The test, which, at 60 seconds, will be the fastest-working on the U.S. market (others tend to take between 10 minutes and 20 minutes) is already available in more than 50 countries. In Canada's Ontario province, the kits have been available since they were first commercialized in 2006, and in British Columbia, where BioLytical is based, health authorities plan to use them for the new $48 million pilot project called Seek and Treat for the prevention of HIV and AIDS.
The Insti kit requires pricking a finger to draw a blood sample, then mixing the sample with a reagent and color developer. One blue "control spot" reveals the absence of HIV antibodies (nonreactive results), two spots reveal the presence of such antibodies (reactive), and the absence of a spot indicates that the results are invalid.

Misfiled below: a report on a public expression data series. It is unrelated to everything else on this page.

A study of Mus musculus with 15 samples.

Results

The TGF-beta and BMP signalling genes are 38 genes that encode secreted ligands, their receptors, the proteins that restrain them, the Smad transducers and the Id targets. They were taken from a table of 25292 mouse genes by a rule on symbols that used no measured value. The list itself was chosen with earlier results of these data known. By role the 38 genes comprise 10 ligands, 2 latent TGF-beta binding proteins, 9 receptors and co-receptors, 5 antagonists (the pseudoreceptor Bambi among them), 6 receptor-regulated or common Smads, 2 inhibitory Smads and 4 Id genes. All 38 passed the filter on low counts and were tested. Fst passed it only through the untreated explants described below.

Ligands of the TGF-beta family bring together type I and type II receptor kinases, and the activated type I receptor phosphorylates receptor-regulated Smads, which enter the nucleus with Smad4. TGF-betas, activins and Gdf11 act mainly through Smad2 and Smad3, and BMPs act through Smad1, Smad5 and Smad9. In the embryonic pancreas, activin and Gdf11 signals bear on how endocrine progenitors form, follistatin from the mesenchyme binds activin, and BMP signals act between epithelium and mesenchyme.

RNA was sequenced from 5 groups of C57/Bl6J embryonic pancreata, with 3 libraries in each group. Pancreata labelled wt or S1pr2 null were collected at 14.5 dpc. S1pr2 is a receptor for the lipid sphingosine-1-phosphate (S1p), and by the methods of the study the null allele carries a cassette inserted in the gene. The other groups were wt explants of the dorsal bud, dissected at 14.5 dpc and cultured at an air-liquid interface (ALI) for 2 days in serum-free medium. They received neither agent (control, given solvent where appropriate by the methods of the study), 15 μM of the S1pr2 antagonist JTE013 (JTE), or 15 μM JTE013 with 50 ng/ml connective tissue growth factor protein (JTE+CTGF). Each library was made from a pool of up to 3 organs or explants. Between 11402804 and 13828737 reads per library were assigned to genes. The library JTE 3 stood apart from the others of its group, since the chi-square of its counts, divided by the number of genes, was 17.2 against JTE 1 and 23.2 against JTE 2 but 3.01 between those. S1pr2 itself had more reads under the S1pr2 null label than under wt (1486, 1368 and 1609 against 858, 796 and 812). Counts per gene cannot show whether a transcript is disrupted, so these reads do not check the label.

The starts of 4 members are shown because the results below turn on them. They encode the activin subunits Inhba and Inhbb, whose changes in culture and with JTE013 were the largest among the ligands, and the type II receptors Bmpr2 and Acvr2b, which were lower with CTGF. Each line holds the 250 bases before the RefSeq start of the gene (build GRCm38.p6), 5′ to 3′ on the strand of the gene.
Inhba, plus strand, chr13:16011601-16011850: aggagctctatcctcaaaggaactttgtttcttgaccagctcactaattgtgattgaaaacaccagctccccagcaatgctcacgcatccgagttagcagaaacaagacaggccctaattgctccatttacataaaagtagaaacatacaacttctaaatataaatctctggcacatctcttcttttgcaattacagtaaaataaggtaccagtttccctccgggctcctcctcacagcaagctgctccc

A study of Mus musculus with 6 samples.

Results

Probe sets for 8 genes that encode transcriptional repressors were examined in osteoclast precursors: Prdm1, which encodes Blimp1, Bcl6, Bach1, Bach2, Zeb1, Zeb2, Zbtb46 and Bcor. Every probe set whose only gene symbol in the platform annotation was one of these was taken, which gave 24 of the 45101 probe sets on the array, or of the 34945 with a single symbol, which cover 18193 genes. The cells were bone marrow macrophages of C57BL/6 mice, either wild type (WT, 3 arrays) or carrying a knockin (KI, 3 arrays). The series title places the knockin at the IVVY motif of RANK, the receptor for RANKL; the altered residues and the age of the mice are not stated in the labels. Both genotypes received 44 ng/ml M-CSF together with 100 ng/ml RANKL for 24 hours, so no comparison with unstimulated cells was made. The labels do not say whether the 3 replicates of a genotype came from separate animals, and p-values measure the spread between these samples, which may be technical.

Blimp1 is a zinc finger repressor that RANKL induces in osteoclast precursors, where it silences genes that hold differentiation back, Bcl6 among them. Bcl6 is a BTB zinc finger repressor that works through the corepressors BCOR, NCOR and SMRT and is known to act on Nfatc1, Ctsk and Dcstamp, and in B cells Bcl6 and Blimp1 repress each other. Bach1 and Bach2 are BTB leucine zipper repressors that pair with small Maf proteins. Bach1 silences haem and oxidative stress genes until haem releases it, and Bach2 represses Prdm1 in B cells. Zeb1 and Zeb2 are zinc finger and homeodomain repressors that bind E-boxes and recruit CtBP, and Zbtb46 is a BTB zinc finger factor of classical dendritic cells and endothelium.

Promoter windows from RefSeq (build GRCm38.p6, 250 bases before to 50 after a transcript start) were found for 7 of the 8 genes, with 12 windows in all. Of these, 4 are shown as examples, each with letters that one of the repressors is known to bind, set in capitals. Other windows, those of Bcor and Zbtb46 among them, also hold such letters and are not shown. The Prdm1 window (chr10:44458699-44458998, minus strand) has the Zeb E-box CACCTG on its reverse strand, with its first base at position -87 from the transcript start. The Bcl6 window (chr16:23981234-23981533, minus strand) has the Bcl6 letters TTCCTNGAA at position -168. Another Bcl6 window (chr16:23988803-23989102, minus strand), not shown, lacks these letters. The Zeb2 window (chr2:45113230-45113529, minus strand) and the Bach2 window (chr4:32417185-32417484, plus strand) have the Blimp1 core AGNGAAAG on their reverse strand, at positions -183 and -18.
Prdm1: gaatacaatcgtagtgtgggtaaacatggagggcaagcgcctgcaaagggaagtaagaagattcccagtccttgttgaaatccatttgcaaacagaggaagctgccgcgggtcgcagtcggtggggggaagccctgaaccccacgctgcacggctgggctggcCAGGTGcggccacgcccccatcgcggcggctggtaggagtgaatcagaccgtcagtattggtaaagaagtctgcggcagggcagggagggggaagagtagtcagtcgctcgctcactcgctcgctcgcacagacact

Because this is a first-line test, all reactive (HIV-positive) results must be confirmed by a second testing system, the company advises, and all invalid tests should be conducted again with a new blood sample.
"Insti represents a significant improvement for point-of-care rapid HIV testing," Julie Scofield, executive director of the National Alliance of State and Territorial AIDS Directors, said in a statement. "By eliminating the 15- to 30-minute wait for results, Insti streamlines the testing process. It allows for increased flexibility, as providers can conduct the test in whatever manner best suits their work flow."
Breaking into the U.S. market wasn't easy; Rick Galli, chief technical officer at BioLytical, told the Vancouver Sun that "we affectionately call [market approval in the U.S.] the holy grail for this particular product."
He added that the Insti device has been endorsed by the Centers for Disease Control and Prevention, and that the timing is ideal, as U.S. medical officials have recently been shifting from lab tests to rapid point-of-care tests.